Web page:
Graphic by staff graphic designer Sumen Imtiaz.
Time stopped Tuesday, Sept. 11, 2001.
The world heard New Yorkers’ cries while the smoke from the explosion crossed the other side of the river towards New Jersey. America has experienced nothing like this before — a terrorist attack that left nearly 3,000 people without a loved one, 25,000 people injured, many without a job and a loss of security within their own country.
America was left vulnerable. Many could say that this was single-handedly the worst event in the country’s history.
The aftermath to some seemed justified. Proud Americans now lived in fear and questioned whether anything would be safe again. Airports changed their security systems and the government worked tirelessly to keep people safe.
In a sense, we were united as one to keep each other going. To motivate others to prevail through the hardships that were the terrorist attacks.
We are America, we can overcome anything. Patriotism was at an all time high.
People from different states were sending their love and prayers while people from other continents were showing their support in the hard times — that was America’s new systems of safety.
However, it was a dark time in America as well.
Once we found out who infiltrated the planes and attacked the towers, hate crimes against people of Middle Eastern descent, Muslims, and South East Asian rose throughout the country and people were united in prejudice. It stemmed from fear, but was guided with ignorance and rage.
Sikhs were also targeted because they usually wear turbans, which are stereotypically associated with Muslims, even though it is not the same religion. There were countless reports on attacks on Mosques and other religious buildings such as a firebombing of a Hindu temple, and assaults on people.
Balbir Singh Sodhi, a Sikh mistaken for a Muslim, was fatally shot on Sept. 15, 2001 in Mesa, Arizona.
People who were perceived to be Middle Eastern descent went through hate crimes as many assumed they were followers of Islam. Studies found that people who looked to be Muslim, Arab and South East Asian reported that they did not feel safe walking the streets of their neighborhoods anymore. Long time local businesses– owned by Syrian owners, Egyptian owners, Indian owners, Paki owners, all walks of life — were now vandalized, broken into, burnt and defaced because of the racial fuel people had in their hearts.
Between Sept. 11 to 15, there were 645 bias incidents reported. Assault, shootings and harassment were still rampant in the streets. Children were being mocked in schools for how they looked and were called “terrorists” by other kids.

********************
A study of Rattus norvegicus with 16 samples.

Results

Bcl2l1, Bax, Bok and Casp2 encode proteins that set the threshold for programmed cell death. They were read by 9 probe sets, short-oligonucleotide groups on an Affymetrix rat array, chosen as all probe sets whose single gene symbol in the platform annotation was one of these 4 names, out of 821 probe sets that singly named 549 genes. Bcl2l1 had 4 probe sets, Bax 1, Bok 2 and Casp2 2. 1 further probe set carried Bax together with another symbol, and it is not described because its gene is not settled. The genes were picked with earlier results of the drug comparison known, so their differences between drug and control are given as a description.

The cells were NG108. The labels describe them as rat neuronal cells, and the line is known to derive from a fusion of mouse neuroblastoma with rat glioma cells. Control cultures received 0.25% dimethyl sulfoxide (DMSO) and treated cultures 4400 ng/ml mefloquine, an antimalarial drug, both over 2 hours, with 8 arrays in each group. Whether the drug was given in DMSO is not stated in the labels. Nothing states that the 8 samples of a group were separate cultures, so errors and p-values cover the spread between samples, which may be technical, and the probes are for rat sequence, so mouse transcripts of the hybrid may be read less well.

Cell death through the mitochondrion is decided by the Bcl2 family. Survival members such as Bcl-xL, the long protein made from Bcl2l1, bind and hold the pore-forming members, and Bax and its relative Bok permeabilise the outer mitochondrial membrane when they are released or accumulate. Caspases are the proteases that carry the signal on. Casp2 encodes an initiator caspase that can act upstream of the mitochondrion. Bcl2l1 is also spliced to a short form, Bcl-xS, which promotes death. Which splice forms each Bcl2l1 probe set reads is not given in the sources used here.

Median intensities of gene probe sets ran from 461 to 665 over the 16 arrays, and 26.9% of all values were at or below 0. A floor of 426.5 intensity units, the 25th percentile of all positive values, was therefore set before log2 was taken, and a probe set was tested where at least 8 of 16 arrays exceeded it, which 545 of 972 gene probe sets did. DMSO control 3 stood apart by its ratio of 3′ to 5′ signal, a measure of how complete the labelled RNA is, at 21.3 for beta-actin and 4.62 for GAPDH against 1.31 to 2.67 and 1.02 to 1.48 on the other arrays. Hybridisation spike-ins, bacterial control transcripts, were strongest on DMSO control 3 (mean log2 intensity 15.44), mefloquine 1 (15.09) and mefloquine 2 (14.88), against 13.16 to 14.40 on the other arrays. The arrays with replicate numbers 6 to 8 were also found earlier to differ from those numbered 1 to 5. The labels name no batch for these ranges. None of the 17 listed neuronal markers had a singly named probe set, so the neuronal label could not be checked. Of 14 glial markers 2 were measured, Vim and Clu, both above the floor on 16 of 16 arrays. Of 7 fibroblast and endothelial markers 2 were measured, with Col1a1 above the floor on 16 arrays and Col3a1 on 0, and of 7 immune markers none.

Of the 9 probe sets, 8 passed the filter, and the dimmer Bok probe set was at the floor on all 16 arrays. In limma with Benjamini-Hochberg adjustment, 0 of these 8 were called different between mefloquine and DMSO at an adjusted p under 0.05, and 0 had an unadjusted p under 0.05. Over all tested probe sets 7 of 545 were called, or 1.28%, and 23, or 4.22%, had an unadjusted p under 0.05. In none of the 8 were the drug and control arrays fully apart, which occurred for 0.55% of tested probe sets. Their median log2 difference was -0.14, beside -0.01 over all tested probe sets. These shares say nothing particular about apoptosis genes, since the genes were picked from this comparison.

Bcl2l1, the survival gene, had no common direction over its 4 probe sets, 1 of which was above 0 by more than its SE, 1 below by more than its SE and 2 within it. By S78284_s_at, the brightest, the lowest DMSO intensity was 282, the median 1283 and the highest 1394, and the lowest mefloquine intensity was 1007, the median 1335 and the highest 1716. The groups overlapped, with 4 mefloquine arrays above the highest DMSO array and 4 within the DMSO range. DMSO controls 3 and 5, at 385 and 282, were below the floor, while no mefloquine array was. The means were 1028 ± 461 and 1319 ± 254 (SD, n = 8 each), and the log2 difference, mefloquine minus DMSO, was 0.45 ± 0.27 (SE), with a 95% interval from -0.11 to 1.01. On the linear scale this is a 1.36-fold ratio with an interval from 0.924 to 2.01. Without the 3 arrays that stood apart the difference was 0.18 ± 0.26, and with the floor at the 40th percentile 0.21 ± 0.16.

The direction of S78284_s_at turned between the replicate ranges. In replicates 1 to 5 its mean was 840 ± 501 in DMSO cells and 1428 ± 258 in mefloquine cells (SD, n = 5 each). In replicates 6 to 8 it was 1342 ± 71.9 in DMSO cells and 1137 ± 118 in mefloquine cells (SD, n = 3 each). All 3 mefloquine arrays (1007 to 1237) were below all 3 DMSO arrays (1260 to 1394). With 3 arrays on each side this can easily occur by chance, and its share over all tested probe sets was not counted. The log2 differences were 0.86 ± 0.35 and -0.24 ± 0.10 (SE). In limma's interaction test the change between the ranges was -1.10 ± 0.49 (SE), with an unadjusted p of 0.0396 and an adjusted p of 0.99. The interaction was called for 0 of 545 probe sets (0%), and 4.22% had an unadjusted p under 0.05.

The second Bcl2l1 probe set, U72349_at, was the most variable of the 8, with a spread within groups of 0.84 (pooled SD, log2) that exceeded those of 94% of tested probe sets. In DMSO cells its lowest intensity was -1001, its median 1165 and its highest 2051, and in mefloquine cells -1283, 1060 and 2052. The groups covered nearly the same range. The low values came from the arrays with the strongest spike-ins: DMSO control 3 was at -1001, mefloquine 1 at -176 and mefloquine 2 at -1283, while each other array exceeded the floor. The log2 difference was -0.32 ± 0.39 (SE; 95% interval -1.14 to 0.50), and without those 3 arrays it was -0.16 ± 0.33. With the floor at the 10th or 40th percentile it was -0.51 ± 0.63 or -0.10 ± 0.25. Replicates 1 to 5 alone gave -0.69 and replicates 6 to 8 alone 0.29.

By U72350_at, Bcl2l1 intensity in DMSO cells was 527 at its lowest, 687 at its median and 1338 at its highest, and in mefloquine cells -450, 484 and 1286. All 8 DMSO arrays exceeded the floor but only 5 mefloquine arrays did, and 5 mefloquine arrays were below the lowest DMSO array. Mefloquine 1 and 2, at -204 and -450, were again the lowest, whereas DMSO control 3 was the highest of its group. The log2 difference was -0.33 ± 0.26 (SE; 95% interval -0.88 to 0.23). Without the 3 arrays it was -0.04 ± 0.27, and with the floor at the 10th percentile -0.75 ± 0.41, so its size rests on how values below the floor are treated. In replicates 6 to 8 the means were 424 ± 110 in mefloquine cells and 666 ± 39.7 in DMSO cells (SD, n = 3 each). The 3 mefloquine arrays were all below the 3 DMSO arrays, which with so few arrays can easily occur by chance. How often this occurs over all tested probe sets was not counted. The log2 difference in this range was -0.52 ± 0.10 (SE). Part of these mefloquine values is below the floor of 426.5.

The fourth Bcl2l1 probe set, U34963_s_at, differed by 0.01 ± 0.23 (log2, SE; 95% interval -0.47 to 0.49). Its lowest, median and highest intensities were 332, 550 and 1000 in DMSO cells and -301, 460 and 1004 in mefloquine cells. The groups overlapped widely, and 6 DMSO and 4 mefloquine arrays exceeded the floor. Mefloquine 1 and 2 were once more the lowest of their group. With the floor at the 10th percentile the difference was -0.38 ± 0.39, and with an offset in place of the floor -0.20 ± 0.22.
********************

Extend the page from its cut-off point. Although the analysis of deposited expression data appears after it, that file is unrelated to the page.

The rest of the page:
But the Muslim American response to these events were all positive.
Groups such as the Islamic Society of North America, American Muslim Alliance, Council of American-Islamic Relations and many more all came together to give back and provide medical assistance, food, shelter and blood drives for victims.
While there were people committing hate crimes and assaulting those who they thought to be Muslim, it was actually Muslims themselves, and people from other countries, condemning the actions of the attacks on the towers.
In the Quran — a Muslim bible — and the pillars of Islam, it is apparent that you always give back and help others in a time of need. In this case, fellow Muslims came together to help one another even, though they feared for their lives.
They stood in their faith while the world turned their back against them along with other people of South Asian and Middle Eastern descent.
Although security systems have improved and changed the way they handle threats, we can never forget the inexcusable crimes committed against people of a certain religion and race. America was in shambles but some turned against its own people. We are supposed to be a country united, not divided, but in 2001, that was not the case.
Ignorance swept the nation.
Accepting a variety of cultures, customs and people who look different is what brings everyone together. During a time of crisis, it should be instinctual to help your fellow neighbor.
Today, we remember those who have lost their lives.
We remember the pain America went through.
We will never forget the trials and tribulations that we underwent as a nation. We will also never forget the pain and suffering some had to endure because of racism and prejudice.